There are two ways in which the 3.8 percent net investment income tax (NIIT) can have an impact on your estate plan. It can raise your tax on capital gains, taxable interest and other investment income, thereby lowering the amount of wealth that is accessible to your family. The tax is also especially severe toward specific trusts used in estate planning.

The NIIT is applicable to net investment income that high income people earn. It is also applicable to trusts and estates to the degree to which their adjusted gross income (AGI) is greater than the low threshold amount of $12,300 in 2015.

Investment income includes the following:

  • taxable interest;
  • dividends, both qualified and non-qualified;
  • capital gains, both short and long-term, with the exception of those used in an active trade or business;
  • rental income;
  • royalty income;
  • non-qualified annuity income;
  • income derived from passive business activities;
  • income derived from trading financial instruments or commodities.

Investment income does not include the following:

  • wages, self-employment income, or income earned from non-passive business activities;
  • tax-exempt interest, an example of which is interest on municipal bonds;
  • distributions from IRAs or specific qualified retirement plans;
  • proceeds from life insurance;
  • alimony;
  • Social Security benefits;
  • Veterans’ benefits;
  • gain on the sale of an active interest in a partnership or S corp.;
  • nontaxable gain on the sale of a principal residence.

You can lower or remove NIIT by decreasing your modified adjusted gross income (MAGI) below the threshold or by reducing your NII. Here are some of the strategies you can use:

  • contributing the maximum amount to IRAs and qualified retirement plans;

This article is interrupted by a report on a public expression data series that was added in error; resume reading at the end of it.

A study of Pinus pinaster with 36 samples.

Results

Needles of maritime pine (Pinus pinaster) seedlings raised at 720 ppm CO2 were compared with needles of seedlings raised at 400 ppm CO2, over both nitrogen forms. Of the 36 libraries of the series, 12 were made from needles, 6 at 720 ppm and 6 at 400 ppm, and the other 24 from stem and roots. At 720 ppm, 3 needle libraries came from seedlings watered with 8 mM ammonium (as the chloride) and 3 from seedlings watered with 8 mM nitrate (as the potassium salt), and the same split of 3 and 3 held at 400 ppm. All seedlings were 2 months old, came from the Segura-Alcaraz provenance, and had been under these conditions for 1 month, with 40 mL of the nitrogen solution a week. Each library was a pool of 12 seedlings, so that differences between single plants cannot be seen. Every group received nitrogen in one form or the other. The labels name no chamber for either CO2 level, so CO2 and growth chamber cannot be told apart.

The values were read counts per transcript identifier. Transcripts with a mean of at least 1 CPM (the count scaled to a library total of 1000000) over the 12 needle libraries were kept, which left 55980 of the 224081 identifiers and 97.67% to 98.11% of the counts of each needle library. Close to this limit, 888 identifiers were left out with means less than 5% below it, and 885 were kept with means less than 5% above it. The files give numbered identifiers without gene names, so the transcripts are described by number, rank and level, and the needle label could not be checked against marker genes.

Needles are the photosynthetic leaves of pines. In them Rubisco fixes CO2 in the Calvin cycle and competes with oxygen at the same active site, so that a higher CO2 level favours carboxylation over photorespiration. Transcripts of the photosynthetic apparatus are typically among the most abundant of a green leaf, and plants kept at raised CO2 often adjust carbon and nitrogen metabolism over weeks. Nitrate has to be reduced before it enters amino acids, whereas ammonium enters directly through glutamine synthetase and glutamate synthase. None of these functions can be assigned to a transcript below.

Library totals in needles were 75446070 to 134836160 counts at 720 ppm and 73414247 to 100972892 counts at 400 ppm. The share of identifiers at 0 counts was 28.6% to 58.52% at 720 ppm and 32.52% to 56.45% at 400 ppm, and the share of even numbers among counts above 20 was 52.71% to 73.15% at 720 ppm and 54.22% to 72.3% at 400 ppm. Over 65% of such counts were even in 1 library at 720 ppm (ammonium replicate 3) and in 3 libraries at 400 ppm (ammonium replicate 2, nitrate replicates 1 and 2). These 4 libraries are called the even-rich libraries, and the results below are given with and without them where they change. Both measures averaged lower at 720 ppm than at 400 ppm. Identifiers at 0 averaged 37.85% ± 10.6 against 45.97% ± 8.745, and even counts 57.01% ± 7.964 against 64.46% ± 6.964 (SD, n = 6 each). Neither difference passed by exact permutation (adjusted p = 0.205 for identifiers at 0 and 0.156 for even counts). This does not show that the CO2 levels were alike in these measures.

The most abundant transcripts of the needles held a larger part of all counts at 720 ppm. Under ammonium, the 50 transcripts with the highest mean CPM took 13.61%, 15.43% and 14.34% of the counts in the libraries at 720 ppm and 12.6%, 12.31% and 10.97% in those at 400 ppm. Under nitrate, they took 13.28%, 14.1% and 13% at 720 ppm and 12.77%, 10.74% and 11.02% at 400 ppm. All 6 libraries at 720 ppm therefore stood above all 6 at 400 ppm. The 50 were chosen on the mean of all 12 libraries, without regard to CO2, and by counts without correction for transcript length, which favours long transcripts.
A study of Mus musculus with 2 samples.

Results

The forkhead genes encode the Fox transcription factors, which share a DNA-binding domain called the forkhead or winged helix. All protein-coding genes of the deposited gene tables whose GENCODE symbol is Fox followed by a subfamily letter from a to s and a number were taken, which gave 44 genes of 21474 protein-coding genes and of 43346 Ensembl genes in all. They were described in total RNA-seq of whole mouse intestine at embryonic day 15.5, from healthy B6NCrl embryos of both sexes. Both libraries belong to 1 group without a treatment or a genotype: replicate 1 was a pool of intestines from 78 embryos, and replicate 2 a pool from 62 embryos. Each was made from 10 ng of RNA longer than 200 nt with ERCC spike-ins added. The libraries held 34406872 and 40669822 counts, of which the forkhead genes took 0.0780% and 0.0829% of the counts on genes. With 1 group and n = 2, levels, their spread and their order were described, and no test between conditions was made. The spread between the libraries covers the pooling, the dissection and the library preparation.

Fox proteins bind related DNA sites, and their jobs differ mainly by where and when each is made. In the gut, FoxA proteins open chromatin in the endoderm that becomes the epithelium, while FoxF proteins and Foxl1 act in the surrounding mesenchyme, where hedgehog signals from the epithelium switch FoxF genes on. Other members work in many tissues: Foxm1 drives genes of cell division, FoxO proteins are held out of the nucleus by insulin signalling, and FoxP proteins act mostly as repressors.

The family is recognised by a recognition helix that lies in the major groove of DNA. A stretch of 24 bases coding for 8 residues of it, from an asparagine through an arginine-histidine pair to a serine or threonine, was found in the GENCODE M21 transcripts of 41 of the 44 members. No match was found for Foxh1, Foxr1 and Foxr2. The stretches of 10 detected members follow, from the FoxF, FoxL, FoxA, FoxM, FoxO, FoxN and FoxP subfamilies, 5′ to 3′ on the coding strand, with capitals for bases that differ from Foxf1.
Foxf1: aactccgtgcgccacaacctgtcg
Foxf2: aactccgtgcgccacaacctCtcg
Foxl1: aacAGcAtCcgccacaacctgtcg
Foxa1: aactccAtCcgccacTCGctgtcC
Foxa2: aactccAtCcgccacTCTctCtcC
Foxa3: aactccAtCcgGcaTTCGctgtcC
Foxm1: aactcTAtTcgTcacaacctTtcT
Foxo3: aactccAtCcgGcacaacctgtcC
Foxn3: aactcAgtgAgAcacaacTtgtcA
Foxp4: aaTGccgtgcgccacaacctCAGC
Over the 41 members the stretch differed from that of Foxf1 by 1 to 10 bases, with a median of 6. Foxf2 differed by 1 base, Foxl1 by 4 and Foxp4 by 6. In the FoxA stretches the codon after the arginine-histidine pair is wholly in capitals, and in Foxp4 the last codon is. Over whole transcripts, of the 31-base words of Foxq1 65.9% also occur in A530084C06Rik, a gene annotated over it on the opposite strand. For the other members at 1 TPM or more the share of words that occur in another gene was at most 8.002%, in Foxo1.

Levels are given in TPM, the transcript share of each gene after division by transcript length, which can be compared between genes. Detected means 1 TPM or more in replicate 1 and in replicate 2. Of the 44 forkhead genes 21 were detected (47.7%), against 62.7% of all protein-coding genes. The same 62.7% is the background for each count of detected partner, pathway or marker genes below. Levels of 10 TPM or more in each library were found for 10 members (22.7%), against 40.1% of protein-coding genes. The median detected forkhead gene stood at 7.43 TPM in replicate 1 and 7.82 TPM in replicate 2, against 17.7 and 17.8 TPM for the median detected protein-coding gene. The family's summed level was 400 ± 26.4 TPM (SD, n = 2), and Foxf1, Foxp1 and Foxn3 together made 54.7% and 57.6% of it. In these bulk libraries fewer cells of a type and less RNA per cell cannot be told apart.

• deferring income with the use of an employer’s nonqualified deferred compensation plan;
  • transferring investments into tax-exempt municipal bonds;
  • transferring investments into growth stocks that pay few dividends or none at all;
  • “harvesting” losses through the sale of securities at a loss and the use of them to counterbalance gains;
  • Making investments in life insurance (there is an exemption from NIIT for an accumulation of cash, and proceeds are subject to an exclusion from both MAGI and NII

Be mindful of the fact that mutual funds usually make distributions of capital gains on a yearly basis, close to the end of the calendar year or, in some instances, more frequently than once a year. In order to reduce the effect of the NIIT, it is recommended that you avoid buying fund shares a short time before a fund distributes capital gains.

Upon reviewing your estate plan, it is advisable for you to speak with your attorney about how you can lower or remove your NIIT. This will require a consideration of tax, estate and financial matters.

The elder law attorneys at Hook Law Center assist Virginia families with will preparation, trust & estate administration, guardianships and conservatorships, long-term care planning, special needs planning, veterans benefits, and more. To learn more, visit http://www.hooklawcenter.com/ or call 757-399-7506.